ESPN's exhaustive coverage is (mostly) a delight
April 29, 1990

It's 1 a.m. Do you know where your husbands/wives/children are? Well, if they're baseball fans on the East Coast or in the Midwest and it's the wee smalls of Wednesday or Saturday, they may be in front of the TV set watching the late game on ESPN. Or, as broadcaster Chris (I'll Go To The End Of The Billboard Charts To Find A Nickname For A Player) Berman calls it, "California Dreamin'."

ESPN's new omnipresent baseball coverage is a dream come true for fans, provided they have cable. In the first two weeks of the season alone, ESPN covered 25 national and regional games (in 15 "exposures," or time slots). At last, baseball coverage to lose sleep over.

While this blanket coverage may seem too much for some people, it justified its existence last Friday night, when ESPN cut away from the main Dodger-Astro game to pick up the perfect-game-in-progress by the Mariners' Brian Holman. A lot of hearts were broken, coast-to-coast, when the A's Ken Phelps homered with two outs in the ninth to ruin Holman's perfect game and shutout.

The $400 million contract that the network signed with major league baseball last year gives it the right to televise as many as 175 games a season through 1993. The basic schedule calls for a Sunday night game (with Jon Miller and Joe Morgan at the mikes), a Tuesday night doubleheader (Sean McDonough and Ray Knight, Berman and Tommy Hutton), a Wednesday night game (Gary Thorne, Norm Hitzges and, starting next week, Mike Lupica) and a Friday night twin bill (Steve Zabriskie and Jim Palmer, Thorne and Hitzges).

"I hope there aren't too many people out there watching every minute of every game," says ESPN's director of production, Steve Anderson. "I would assume most of our viewers have clickers in their hands. We expect them to switch to other channels during our coverage. That's why we do so many updates."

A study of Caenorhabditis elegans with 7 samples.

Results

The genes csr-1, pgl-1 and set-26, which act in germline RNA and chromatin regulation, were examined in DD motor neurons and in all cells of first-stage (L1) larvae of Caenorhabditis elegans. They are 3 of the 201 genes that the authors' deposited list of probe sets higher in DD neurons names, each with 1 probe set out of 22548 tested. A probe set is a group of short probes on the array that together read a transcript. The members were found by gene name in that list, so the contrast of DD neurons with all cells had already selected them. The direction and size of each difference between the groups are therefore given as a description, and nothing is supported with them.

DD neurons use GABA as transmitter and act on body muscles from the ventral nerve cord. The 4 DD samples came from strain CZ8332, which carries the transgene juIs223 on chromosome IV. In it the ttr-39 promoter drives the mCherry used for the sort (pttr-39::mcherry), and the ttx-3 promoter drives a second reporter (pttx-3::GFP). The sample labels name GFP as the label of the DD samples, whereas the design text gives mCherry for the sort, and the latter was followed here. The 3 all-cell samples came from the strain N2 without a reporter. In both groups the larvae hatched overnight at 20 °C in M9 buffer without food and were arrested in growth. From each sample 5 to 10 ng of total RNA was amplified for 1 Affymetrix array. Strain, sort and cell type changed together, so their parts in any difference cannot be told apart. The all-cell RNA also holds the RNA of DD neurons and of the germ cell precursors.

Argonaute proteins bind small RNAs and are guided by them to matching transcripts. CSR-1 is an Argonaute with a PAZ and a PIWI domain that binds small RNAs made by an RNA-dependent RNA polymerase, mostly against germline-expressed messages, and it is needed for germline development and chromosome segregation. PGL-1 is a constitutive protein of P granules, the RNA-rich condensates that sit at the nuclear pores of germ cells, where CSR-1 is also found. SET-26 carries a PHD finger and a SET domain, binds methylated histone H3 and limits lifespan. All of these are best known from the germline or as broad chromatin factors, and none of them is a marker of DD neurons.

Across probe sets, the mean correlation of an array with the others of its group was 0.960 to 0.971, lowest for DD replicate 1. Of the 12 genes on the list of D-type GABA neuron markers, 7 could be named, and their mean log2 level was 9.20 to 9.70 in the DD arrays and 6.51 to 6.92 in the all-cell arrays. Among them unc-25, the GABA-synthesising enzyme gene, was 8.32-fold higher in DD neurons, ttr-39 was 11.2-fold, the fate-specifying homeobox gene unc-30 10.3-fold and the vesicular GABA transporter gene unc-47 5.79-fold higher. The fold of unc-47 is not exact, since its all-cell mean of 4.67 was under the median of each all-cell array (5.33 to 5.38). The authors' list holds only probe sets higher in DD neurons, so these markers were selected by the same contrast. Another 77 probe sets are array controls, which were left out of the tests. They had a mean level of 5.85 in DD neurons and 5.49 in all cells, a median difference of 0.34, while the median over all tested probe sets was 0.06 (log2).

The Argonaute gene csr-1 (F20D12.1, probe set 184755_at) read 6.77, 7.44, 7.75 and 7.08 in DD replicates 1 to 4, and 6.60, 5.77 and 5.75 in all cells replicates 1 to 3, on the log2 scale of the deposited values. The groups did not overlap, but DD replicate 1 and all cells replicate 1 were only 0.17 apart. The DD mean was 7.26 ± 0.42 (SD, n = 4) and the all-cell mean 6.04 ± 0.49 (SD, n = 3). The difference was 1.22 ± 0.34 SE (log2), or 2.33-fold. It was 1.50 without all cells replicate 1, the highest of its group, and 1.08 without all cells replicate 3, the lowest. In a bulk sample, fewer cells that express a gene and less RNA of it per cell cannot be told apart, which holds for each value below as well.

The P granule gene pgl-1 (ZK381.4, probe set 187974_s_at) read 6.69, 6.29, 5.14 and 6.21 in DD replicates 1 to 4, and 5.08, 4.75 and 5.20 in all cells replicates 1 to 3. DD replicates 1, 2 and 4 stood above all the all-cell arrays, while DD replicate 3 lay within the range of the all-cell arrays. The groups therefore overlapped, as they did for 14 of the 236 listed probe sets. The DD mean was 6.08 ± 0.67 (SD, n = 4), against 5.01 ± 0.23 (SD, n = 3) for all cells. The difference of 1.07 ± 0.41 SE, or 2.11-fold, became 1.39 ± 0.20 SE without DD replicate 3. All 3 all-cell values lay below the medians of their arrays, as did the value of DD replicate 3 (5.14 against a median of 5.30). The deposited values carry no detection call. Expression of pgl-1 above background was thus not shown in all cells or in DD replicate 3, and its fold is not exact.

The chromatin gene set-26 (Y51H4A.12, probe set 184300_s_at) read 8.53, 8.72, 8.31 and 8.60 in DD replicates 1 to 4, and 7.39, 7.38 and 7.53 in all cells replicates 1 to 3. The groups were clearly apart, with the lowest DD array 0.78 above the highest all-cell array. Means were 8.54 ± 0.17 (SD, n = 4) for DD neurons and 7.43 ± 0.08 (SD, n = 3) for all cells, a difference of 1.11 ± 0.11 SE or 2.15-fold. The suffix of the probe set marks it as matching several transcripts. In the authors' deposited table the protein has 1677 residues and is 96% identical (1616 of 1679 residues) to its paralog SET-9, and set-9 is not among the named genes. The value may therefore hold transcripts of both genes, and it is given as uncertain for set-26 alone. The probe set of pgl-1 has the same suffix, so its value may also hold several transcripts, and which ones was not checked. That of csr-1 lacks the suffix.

ESPN has thrown so much effort, manpower and money into this venture that it's hard to complain about the coverage. It would be like a kid whining that there's too much licorice in the candy store. So with that in mind, here are capsule reviews of the members of ESPN's starting lineup:

Jon Miller The nation is now finding out how good the Orioles' superb radio man is.

Joe Morgan Some of us are still trying to recover from the incompetence of ABC's 1988 American League Championship Series team of Morgan, Gary Bender and Reggie Jackson. That debacle wasn't all Morgan's fault, though, and he has already shown refreshing candor.

Sean McDonough He sounds a little like a road company Bob Costas.

Ray Knight The former caddy for Nancy Lopez comes across as straightforward and perceptive. He may also have the most distinctive Southern accent in baseball broadcasting since Red Barber.

Chris Berman Unless he starts paying as much attention to describing the game as he does to trying to find a sobriquet for Lance Blankenship, we would rather have Berman backbackbackbackback in the studio doing SportsCenter.

Tommy Hutton ESPN is making a mistake by limiting Hutton to the Tuesday late game and a backup game on Friday. Easy on the ears and nimble of mind, Hutton should be on at least one prime-time national game a week. The other night, when Berman was tripping over the names Carney Lansford and Mark Langston, Hutton said, "Good thing Rick Langford no longer pitches for the A's."

Gary Thorne The former assistant district attorney of Bangor, Maine, is an excellent play-by-play man, with a good sense for setting up a dramatic moment. He also has the most infectious laugh in the business. He would make an ideal partner for Hutton.

Norm Hitzges Possessed of a Baseball Encyclopedic mind, he sounds a lot like Dick Vitale and unlike any baseball analyst we've ever heard. Stormin' Norman will take some getting used to.

Steve Zabriskie He's nothing if not versatile—in the first two weeks, he worked with Morgan, Hitzges, Palmer and Bob Gibson (one of ESPN's backup announcers). Your basic Wonder bread announcer.

Jim Palmer He may be the most underrated analyst in the business; every pitcher in baseball should be listening to him. His partners on the ABC telecasts the last five years, Al Michaels and Tim McCarver, won a lot of praise, but the critics always shortchanged Palmer. They probably couldn't trust a guy with his looks.

Baseball on ESPN has already been a boon to the people who play the game. Some players have taken to videotaping telecasts so that they can study their opponents. It may, however, prove a bust to America's households. In his inaugural telecast, Miller quoted Oriole p.r. man Rick Vaughn, who said of ESPN's baseball coverage, "This is going to ruin a few marriages. Including my own."